Review: ‘El Camino’ by The Black Keys opens musical eyes of student

The Black Keys recently released its seventh studio album, titled “El Camino,” which has become its best selling album to date. The rock duo paired with producer Danger Mouse for this album, who has produced several albums for big stars like the Gorillaz, Beck and U2.

The Black Keys have been around for about 10 years, but I only recently jumped on the wagon for their previous album, “Brothers,” which contained the hit “Howlin’ for You.”

When it comes to music, I am a super picky. I tend to gravitate towards the female side of the spectrum, including Florence and the Machine, Imogen Heap, Kerli and even a little bit of Lady Gaga. The Black Keys, however, have really caught my attention, like some sort of shiny jewel in the bucket of crap that is current radio music.

“El Camino” is the first physical album I have bought since Drake released his first album. My music exposure usually occurs via YouTube, but after hearing just a few songs from this album, I decided to lay down the 13 bucks to stick “El Camino” in my Honda Civic. Money well spent.

This album combines everything I love about music right into one package. The lyrics are catchy and well-written. I always sing along to music, but when I sing the song just walking around Target, I know I am smitten.

What really just puts a smile on my face is how Dan Auerbach, the singer and guitarist, can bring those lyrics to life in my head. His voice is unique to say the least-high-pitched and smooth. Everything is brought together with awesome drum beats by Patrick Carney, which sounded pretty badass with my car’s sound system. Mix in some keyboard, and you got the idea of the band’s uncomplicated but satisfying brand of American rock.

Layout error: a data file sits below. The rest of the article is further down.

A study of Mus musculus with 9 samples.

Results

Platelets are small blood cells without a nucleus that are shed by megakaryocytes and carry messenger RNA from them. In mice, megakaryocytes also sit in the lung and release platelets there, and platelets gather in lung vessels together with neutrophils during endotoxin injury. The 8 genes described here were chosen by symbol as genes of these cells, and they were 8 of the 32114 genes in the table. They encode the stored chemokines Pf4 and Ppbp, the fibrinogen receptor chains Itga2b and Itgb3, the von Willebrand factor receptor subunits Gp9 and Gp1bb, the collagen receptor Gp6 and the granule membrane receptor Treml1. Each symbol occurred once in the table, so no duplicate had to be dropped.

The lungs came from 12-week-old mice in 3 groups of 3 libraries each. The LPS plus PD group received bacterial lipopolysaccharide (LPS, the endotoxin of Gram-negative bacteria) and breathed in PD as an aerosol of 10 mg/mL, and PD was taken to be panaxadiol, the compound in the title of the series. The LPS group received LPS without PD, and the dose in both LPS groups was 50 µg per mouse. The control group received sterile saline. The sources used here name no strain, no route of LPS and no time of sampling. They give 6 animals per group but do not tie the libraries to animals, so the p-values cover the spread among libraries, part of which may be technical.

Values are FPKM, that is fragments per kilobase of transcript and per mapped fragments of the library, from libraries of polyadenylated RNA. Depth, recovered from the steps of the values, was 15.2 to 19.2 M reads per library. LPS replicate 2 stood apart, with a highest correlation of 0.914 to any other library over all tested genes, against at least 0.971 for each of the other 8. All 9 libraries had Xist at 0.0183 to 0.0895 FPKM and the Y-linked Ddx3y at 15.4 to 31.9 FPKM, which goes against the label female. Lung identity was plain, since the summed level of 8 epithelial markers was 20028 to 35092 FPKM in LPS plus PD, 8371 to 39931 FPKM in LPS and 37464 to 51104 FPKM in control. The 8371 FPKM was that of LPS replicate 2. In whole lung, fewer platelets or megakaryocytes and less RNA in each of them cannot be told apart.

One of the big problems I have with buying albums is that every song either sounds the exact same, or they all sound so different that it is confusing. This album includes mostly fast-paced songs, but a few slower, sadder songs are mixed in. The transition from song to song is well thought out, and is something I can appreciate. It has a different mood than “Brothers,” but I like it.

I would recommend this album to anyone because it certainly has mass appeal. It would resonate more with fans of music such as Cage the Elephant or the Raconteurs.

It has given me faith about the possibilities of good things to come with music. I feel like I have gotten stuck in a rut with music that is fun for a week, but soon crawls under your skin and irritates you like some sort of musical rash (I’m talking to you, Selena Gomez).

Whenever I pop this album in, I feel like it is the perfect soundtrack to my life right now and hope it does the same for everyone else.